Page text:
Teacher Organization 

There are so many things that go on in the classroom and so many things that you as a teacher have to keep up with that it can become overwhelming. These ideas will hopefully help you stay organized!

 Teacher Notebook
Do you get a great idea in the middle of a lesson and then forget it later on? Do you have a hard time remembering to do certain tasks? Keep a small notebook or pad on your desk or in your bag.  Therefore, when that great idea pops up or you need to remind yourself to do something later, the notebook is within easy reach and you can jot down your thoughts.  Review the notebook either in the morning or at night.

 Class Checklists

I like to keep multiple copies of a small class checklist to keep tabs on papers, assignments, or any other type of record keeping.  It's a great way to see what student are missing their papers or assignments.  I have used the checklist for field trip forms, running record evaluations, emergency cards, etc.  Here is a copy to use for your classroom......make multiple copies and keep in a drawer or some place handy.

 Parent Communication

Communication with parents is important, but when you have a lot of students, then it can be very overwhelming.  Here are ways that I keep parents informed of their child's progress throughout the year as well as providing organized ways for two-way communication. (*For copies of the following examples, go to Printables and look under Management).

1. *Class Handbook: On the first day of school, students are given class handbooks that parents are to review with them.  In the handbook the class rules and procedures are explained. 
2. *
Weekly Progress Reports: On Friday, students take home their Friday Folders in which there is a Weekly Progress Report. The teacher fills out the report and the parent signs it.
3. *
Behavior Letter to Parent: If a student has displayed disruptive behavior during the day, then a letter is sent home informing the parents about the behavior.  The letter is signed and returned.
4. *
Parent Conference: This letter requests a conference with the parent. On it is the teacher's available time. The parent is requested to choose a time for the conference and return it to the teacher.
Daily Report: This is used for students who have repeated disruptive behavior and with whom the parents have had a conference with the teacher.  It is usually part of a plan of action agreed upon by the teacher and the parents.  It keeps the parents informed of their child's daily behavior and it is sent home every night to be signed.

A note about organizing your parent communications:

It is important that you document a child's behavior, and communication that you have had with parents in case of future use.  Sometimes parents do not receive letters sent home or you may need them for the Child Study Team or any other conferences. It is difficult to make copies of parent letters or any other documentation for reasons such as no copy machines, no time, etc. Carbon paper is a great solution to this problem.  When sending a parent letter or conference slip home, use carbon paper and two copies of the page being sent home to create a copy for yourself. That way, you have copies of all your documents in case you need them.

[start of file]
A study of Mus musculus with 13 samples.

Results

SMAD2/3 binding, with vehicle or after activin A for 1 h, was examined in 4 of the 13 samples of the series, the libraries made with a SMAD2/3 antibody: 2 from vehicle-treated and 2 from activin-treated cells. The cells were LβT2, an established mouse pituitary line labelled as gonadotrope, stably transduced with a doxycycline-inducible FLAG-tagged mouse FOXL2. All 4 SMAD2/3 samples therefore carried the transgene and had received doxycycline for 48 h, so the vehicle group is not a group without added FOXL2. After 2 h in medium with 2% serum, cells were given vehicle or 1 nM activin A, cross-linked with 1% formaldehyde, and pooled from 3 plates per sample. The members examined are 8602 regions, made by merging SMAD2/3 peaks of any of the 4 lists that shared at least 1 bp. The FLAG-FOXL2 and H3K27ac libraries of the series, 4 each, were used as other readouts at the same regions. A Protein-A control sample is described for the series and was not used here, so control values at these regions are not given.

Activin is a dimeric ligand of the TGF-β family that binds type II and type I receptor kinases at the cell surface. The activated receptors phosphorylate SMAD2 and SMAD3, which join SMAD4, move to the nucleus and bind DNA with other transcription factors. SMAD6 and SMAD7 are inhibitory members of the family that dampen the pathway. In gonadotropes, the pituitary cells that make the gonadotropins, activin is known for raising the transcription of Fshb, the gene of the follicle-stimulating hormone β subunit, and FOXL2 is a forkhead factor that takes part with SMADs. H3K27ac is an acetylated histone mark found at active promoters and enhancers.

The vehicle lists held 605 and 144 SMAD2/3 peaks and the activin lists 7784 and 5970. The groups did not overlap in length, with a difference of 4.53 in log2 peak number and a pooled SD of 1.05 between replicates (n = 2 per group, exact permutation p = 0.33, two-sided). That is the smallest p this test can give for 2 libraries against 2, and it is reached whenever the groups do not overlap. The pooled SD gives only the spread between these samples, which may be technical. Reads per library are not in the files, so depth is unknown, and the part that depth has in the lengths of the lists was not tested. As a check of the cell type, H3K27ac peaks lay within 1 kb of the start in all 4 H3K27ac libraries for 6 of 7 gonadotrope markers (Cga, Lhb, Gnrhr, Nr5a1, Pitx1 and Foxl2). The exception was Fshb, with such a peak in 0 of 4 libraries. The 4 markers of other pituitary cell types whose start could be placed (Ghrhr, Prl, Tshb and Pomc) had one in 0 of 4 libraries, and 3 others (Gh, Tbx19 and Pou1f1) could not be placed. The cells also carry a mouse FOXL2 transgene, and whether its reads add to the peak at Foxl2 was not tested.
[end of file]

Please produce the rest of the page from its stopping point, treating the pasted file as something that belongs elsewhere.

Grade Book
For easy grading, give your students a number according to their last names (alphabetical order). A student (the paper manager) organizes the students' work according to their numbers (remember to teach students to write their numbers on the right-hand corner of the paper).  That way, when you are recording the grades, you can do it quickly.

 Desk Trays:
Desk trays are helpful in so many ways.  Here is how I use desk trays to organize my desk. Each tray is labeled:

For Office
To Be Graded
To Be Filed
Notes from Parents

Whatever paperwork I have to do or is done can be quickly put onto one of these trays. Then, when I need to find a paper, I know where it will be.

 Lesson Plan Book:
I look over previous years' lessons to prepare for the following year.  If there is a lesson or activity that I found to be successful or there are some changes I want to note for the future, then I "post" it in my lesson plan book. I buy the sticky notes with lines, make notes for the next year, and place it on the box with that particular lesson. That way, I can easily find it for the next year and it won't be forgotten.

Keeping reproducibles organized can be difficult and hard to keep up with.  Therefore, I use folders to keep them categorized and organized. Also, they are helpful when I want to reuse them for the following year. Here are some other tips for worksheets:
1. Be specific with your categories, such as "Weather" instead of "Science".
  2. Leave at least one copy of a worksheet you've used inside the folder.  That  way, it will be your master copy for next year.
  3. Any extra copies you have, put into a folder/basket as EXTRA WORK.  If students finish their assignments early, they can go to the basket and get extra practice on their skills.
  4. Use a file holder (I like vertical file holders) to keep handy the folders you will be using that week.  They're in your view and easy to get to when it's time to pass them out.  Also, I keep folders with copies of daily reports, spelling sheets, and homework charts that the children can get to by themselves.

 Lesson Plan/Grade Book:
I dislike it when my lesson plan and grade book become worn on the corners. To solve that problem, I buy a plastic document holder (they have nice ones at Staples, Office Max, etc.). I place my lesson plan book and grade book in the plastic holder whenever I'm not using them or when they are traveling with me. It helps keep the wear and tear out of them.